In a subscriber access network, traffic with different encapsulations can be passed downstream to other customer premise equipment (CPE) through the MX Series router. Managing the bandwidth of downstream ATM traffic to Ethernet interfaces can be especially difficult because of the different Layer 2 encapsulations.

The downstream network is not necessarily the directly attached network. In typical broadband network gateway (BNG) configurations, the directly attached network is an Ethernet access network, which provides access to either another frame-based network, or a cell-based network.

The overhead accounting feature enables you to shape traffic based on whether the downstream network is a frame-based network, like Ethernet, or a cell-based network, like ATM. It assigns a byte adjustment value to account for different encapsulations.

This feature is available on MIC and MPC interfaces.

Effective Shaping Rate

The shaping-rate, also known as peak information rate (PIR), is the maximum rate for a scheduler node or queue.

The true rate of a subscriber at the access-loop/CPE is a function of:

  • The shaping-rate in effect for the subscriber’s household, in bits per second.

  • Whether the subscriber is connected to a frame-based or cell-based network.

  • Number of bytes in each frame that are accounted for by the shaper.


Chassis egress-shaping-overhead is not included in the effective rate. Egress-shaping-overhead accounts for the physical interface overhead (ISO OSI Layer 1). Effective shaping-rate is a Layer 2 (ISO OSI) rate.

Shaping Modes

There are two modes used for adjusting downstream traffic:

  • Frame shaping mode is useful for adjusting downstream traffic with different encapsulations. Shaping is based on the number of bytes in the frame, without regard to cell encapsulation or padding overhead. Frame is the default shaping mode on the router.

  • Cell shaping mode is useful for adjusting downstream cell-based traffic. In cell shaping mode, shaping is based on the number of bytes in cells, and accounts for the cell encapsulation and padding overhead.

    When you specify cell mode, the resulting traffic stream conforms to the policing rates configured in downstream ATM switches, reducing the number of packet drops in the Ethernet network.

    To account for ATM segmentation, the router adjusts all of the rates by 48/53 to account for 5-byte ATM AAL5 encapsulation. In addition, the router accounts for cell padding, and internally adjusts each frame by 8 bytes to account for the ATM trailer.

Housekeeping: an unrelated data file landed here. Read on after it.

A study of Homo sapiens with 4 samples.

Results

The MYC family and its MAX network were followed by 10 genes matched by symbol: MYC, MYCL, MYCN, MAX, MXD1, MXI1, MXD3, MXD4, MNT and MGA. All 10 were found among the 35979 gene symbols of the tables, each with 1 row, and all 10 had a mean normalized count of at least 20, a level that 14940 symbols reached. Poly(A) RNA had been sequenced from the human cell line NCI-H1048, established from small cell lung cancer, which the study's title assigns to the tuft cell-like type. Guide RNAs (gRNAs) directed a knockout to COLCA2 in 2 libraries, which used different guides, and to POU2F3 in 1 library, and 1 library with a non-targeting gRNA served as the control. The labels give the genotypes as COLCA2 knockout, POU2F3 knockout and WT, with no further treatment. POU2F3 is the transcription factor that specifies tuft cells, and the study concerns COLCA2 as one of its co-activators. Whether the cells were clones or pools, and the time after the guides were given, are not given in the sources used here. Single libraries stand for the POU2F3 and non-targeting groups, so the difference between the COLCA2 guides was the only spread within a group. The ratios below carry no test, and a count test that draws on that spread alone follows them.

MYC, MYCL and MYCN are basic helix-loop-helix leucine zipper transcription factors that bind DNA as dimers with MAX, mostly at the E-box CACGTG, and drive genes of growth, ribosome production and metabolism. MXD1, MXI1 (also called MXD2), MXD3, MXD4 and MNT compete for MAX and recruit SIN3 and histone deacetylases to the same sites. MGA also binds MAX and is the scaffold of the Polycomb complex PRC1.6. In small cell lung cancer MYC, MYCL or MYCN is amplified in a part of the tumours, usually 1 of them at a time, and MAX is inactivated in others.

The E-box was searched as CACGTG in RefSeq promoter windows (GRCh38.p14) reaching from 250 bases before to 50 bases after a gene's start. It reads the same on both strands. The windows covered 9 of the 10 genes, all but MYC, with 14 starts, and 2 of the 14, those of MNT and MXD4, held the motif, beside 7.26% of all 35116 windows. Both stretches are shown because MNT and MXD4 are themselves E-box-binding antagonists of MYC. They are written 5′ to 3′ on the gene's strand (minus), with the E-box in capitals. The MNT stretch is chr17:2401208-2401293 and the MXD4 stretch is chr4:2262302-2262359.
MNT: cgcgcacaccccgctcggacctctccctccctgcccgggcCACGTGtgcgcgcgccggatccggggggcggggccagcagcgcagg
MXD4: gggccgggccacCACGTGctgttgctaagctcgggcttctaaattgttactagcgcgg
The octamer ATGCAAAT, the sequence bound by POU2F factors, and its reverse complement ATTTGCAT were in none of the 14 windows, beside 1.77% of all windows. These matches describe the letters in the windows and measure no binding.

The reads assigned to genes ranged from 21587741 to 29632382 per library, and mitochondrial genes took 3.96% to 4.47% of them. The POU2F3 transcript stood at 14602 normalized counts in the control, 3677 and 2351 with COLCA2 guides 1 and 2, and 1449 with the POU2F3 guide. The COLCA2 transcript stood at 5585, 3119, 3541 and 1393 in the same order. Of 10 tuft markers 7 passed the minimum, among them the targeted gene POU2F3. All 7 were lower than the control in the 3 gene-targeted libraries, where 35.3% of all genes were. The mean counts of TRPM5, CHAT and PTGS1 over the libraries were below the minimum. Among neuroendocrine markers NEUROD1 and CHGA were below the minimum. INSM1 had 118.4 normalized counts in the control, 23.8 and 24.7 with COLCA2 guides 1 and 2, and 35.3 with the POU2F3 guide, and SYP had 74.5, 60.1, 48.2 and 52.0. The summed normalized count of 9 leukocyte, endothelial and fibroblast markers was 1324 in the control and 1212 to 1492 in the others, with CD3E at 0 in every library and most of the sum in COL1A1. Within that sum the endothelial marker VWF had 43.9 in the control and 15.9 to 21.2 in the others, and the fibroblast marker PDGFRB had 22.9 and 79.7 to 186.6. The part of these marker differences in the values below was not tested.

Byte Adjustments

When the downstream traffic has different byte sizes per encapsulation, it is useful to configure a byte adjustment value to adjust the number of bytes per packet to be included in or excluded from the shaping mechanism. This value represents the number of bytes that are encapsulated and decapsulated by the downstream equipment. For example, to properly account for a 4-byte header stripped by the downstream network, set the overhead-accounting bytes to -4. To properly account for a 12-byte header added by the downstream network, set the overhead-accounting bytes to 12.

We recommend that you specify a byte adjustment value that represents the difference between the CPE protocol overhead and B-RAS protocol overhead.

The system rounds up the byte adjustment value to the nearest multiple of 4. For example, a value of 6 is rounded to 8, and a value of –10 is rounded to –8.

You do not need to configure a byte adjustment value to account for the downstream ATM network. However, you can specify the byte value to account for additional encapsulations or decapsulations in the downstream network.

Relationship with Other CoS Features

Enabling the overhead accounting feature affects the resulting shaping rates, guaranteed rate, and excess rate parameters, if they are configured.

The overhead accounting feature also affects the egress shaping overhead feature that you can configure at the chassis level. We recommend that you use the egress shaping-overhead feature to account for the Layer 2 overhead of the outgoing interface, and use the overhead-accounting feature to account for downstream traffic with different encapsulations and cell-based networks.

When both features are configured, the total byte adjustment value is equal to the adjusted value of the overhead-accounting feature plus the value of the egress-shaping-overhead feature. For example, if the configured byte adjustment value is 40, and the router internally adjusts the size of each frame by 8, the adjusted overhead accounting value is 48. That value is added to the egress shaping overhead of 24 for a total byte adjustment value of 72.